Could violence, provoked by ambassador’s show of solidarity, lead to Western action?


Crowds supporting President Bashar Assad attempted to storm the U.S. and French embassies in Damascus today, with at the least the tacit support of the regime, in apparent outrage at the U.S. and French ambassadors’ outspokenness against the violent suppression of protesters and dissenters, particularly in the city of Hama. Last Friday, U.S. ambassador Robert Ford—whom President Obama controversially appointed last year as the first envoy to Syria in several years—visited Hama, a longtime weak spot of Syria’s Alawite ruling family and a particular stronghold of protest over the past few months in support of the protesters. And yesterday, Ford posted a short missive on his Facebook page chastising, even mocking the regime. “As I have said before, we respect the right of all Syrians—and people in all countries—to express their opinions freely and in a climate of mutual respect,” he wrote. “We wish the Syrian government would do the same—and stop beating and shooting peaceful demonstrators. … how ironic that the Syrian Government lets an anti-U.S. demonstration proceed freely while their security thugs beat down olive branch-carrying peaceful protesters elsewhere.”

Meanwhile, back in the United States, the State Department summoned Syria’s ambassador over reports that Syria’s embassy was monitoring and intimidating peaceful anti-regime protesters here.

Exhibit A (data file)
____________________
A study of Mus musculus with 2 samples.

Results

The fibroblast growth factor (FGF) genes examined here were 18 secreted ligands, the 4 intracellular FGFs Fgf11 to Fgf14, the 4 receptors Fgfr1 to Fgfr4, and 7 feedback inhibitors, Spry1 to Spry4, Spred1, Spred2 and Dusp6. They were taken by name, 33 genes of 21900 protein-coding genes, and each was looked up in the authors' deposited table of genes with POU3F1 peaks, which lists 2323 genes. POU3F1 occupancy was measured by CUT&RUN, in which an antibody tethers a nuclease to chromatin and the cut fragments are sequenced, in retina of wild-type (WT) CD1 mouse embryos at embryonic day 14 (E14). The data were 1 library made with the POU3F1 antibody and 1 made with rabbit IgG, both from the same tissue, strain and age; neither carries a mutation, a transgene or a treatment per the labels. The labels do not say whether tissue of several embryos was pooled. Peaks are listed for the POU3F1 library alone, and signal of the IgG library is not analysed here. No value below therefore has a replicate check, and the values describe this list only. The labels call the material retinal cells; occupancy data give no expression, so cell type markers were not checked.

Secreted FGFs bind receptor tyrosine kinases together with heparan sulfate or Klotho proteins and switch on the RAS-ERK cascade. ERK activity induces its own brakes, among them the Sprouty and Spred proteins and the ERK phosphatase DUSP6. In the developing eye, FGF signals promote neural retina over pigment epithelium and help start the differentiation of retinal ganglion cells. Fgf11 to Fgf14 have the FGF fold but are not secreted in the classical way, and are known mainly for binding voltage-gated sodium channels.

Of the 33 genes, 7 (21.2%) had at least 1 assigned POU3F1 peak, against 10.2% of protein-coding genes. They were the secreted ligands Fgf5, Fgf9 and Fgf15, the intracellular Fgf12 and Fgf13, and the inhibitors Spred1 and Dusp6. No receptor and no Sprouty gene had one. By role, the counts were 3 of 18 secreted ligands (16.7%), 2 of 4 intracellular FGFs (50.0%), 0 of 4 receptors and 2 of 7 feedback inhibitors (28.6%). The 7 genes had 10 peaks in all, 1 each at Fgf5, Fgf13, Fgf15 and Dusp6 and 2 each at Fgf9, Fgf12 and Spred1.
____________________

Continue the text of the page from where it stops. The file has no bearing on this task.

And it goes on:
For months, masses of Syrians have protested peacefully against their dictatorship, for which they have been killed, beaten, and arrested en masse, and have received no meaningful concessions or dialogue from the regime. It has been puzzling to many observers why the West, including the U.S., got so agitated over the fairly similar actions of the Libya regime—so agitated, in fact, that a coalition is now engaged in military action there with the possible goal of regime change—while many of these same countries have barely spoken out against the Assad regime’s abuses, much less threatened or taken military action. Harassing Western protesters and allowing Western embassies to be stormed is exactly what the Assad regime should be doing if it wants to force these Western countries to wake up to its crimes.

And where does Iran stand? Take a guess.

French and U.S. Syrian Embassies Attacked [FT]
A Note from Ambassador Robert Ford [Facebook]
State Department Calls in Syrian Envoy for Harassing Protesters [JTA]
Iran Condemns U.S. Meddling in Syria [Fars]
Related: Shadow Play [Tablet Magazine]
Syrian Protest Seen Bolstered By U.S. Visit [WSJ]


Could violence, provoked by ambassador’s show of solidarity, lead to Western action?